Secrets to My Collaboration Success: Google, AstraZeneca and Royal College of Physicians Give the Inside Scoop Part 3
Today we continue a recap of web collaboration issues discussed at AV Huddle, a recent symposium we hosted with Poly. For Part 1 of this post, click here.
One of the great difficulties in building enterprise-grade collaboration and web conferencing tools is striking the right balance between ease of use and security. What worked for consumers don’t always work for workers–enterprises simply require more.
Unfortunately, this often renders feature-laden enterprise tools more prone to technical difficulties where the stakes are much higher than they are at home.
“I came to AV management with a healthy amount of skepticism,” said Ben Pain of the Royal College of Physicians. “Nothing is plug and play, nothing is intuitive, and nothing is as easy as it says on the box.”
Balancing Ease of Use with Functionality and Customization
One mistake conferencing tech vendors commonly make is taking the cookie cutter approach. Consider the differences between a large manufacturer and a small one. Now consider the differences between a manufacturer and a law firm. One size does NOT fit all.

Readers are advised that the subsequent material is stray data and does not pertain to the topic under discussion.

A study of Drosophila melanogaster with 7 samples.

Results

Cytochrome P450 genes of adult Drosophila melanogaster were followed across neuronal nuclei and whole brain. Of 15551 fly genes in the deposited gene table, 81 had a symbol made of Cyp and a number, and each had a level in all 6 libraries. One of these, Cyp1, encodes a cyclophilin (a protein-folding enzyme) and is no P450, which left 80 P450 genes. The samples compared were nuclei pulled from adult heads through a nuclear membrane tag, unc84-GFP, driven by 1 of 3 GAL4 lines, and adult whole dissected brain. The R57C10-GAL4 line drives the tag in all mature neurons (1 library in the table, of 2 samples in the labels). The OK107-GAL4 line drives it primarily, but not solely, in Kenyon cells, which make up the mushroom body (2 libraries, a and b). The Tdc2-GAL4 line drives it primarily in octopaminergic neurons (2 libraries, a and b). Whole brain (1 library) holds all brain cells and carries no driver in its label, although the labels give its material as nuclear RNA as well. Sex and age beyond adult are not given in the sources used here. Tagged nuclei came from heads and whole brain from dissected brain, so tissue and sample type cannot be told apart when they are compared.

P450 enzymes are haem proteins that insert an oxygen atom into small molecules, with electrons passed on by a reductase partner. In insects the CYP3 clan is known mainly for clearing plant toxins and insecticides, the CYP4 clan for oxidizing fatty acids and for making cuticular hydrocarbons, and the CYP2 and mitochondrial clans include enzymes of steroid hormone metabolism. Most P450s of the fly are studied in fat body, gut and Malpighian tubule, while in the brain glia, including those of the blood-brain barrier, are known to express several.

That’s why organizations are choosing the conferencing tools with the features that best match their needs.
“We ask the product team, how is your product going to make our users more productive? How would we measure that increase in productivity?” said Google’s Gary Keene. “We go into the process knowing what success would look like.”
Security: Stopping the Good and Bad
The problem with security in collaboration and conferencing tech is it not only stops the bad guys, it sometimes gets in the way of the good guys, too. If there’s a way to circumvent security tech or procedures, you can bet workers will. When the priority is getting the job done, security can often seem like one big unnecessary hassle.
Organizations need to secure and maintain control over what’s shared during meetings. This much is true. But if vendors want their technology to take hold within the enterprise, it needs to include security capabilities that don’t require extra work.
Replicating the In-Person Experience is Not Enough
The core frustration with web conferencing tools often boils down to simply wanting to get on with the show. Teams want to meet. They want to work together. They want to collaborate. They don’t want to troubleshoot. They don’t want to become IT.
In other words, people would really rather just be in the same room together than have to deal with tech.
And so the real challenge facing developers and organizations is not to build and adopt tools that merely replicate in-person collaboration. Instead, it’s to build and seek out tools that can actually enhance the collaborative experience beyond what an in-person meeting can offer–whether it’s in person or not.
Kaptivo thanks Poly, AstraZeneca, Google, and the Royal College of Physicians for making our A/V Huddle such a success! We look forward to hosting more symposiums that can help collaboration and conferencing continue to evolve for the modern enterprise.